The previous system, which relied on European results over the last five years, has been scrapped and replaced with a new one that gives precedence to teams winning their domestic titles.
It means no country can possibly have more than two teams in the top set of seeds.
The winners of the 2014-15 Champions League will be joined as top seeds by the winners of the titles in England, Spain, Italy, France, Portugal, Germany and Russia.
If the Champions League winner is also their domestic league winner, then the champions of the eighth-ranked association Holland – PSV Eindhoven – would be added to the list of top seeds despite only ranking 30th in the UEFA club coefficient list.
With Chelsea well on their way to winning the Premier League, it will mean Arsenal and Manchester United dropping into the second pot of seeds if they qualify for next year’s tournament.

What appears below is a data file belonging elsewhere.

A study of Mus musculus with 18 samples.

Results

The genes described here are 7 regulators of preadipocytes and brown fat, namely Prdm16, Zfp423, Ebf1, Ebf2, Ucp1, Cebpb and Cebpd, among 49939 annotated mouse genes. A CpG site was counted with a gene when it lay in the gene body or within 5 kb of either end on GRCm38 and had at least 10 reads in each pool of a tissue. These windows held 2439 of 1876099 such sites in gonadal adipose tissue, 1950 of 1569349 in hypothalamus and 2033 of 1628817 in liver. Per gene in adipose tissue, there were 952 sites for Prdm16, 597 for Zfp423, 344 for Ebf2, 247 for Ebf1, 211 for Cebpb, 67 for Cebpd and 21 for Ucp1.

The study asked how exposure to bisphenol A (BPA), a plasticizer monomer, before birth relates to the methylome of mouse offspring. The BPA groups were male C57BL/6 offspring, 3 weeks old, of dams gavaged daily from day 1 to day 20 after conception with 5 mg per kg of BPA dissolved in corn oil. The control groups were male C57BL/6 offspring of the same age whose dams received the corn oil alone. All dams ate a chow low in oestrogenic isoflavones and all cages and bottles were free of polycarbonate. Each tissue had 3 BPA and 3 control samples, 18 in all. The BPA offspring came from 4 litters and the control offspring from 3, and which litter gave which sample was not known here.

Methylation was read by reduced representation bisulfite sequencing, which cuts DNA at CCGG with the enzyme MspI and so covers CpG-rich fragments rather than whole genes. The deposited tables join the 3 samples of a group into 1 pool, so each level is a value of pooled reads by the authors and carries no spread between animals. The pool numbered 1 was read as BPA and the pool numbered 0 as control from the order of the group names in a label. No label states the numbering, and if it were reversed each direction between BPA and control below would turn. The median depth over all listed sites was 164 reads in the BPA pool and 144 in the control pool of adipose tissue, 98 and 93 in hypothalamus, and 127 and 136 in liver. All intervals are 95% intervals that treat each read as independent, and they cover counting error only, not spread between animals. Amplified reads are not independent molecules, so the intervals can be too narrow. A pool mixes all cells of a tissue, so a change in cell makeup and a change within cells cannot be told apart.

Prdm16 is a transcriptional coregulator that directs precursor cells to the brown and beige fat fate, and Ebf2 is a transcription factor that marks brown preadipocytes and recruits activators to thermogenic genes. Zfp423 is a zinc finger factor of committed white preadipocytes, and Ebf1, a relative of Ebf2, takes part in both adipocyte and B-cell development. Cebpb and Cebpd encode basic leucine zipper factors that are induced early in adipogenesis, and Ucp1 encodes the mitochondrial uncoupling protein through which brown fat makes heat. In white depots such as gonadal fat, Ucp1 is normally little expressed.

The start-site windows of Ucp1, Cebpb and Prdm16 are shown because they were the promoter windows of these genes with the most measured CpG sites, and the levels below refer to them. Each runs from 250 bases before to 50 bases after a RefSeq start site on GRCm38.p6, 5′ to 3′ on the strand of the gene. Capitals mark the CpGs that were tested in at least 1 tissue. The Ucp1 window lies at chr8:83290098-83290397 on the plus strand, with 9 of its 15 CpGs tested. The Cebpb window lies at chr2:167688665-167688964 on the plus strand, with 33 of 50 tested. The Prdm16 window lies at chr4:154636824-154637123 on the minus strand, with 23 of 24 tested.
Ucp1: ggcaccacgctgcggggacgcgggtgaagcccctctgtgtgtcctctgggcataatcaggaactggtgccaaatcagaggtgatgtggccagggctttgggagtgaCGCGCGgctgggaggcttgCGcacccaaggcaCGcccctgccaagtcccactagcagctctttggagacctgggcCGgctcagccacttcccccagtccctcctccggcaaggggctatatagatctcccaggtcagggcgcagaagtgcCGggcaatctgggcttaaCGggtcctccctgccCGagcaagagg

Manchester City have now dropped out of UEFA’s top 16 clubs, falling behind Juventus and Bayer Leverkusen, so if they make it into the competition, a tough draw would be likely.
City missed out on a top-seeding last year, even as Premier League champions, and ended up struggling through a group that included Bayern Munich, CSKA Moscow and Roma before being knocked out by Barcelona in the round-of-16.
UEFA general secretary Gianni Infantino said: “Football is about winning, it’s about competition, it’s about sporting merit. I think it’s kind of a natural thing to give to those who have won a competition a special treatment like this.”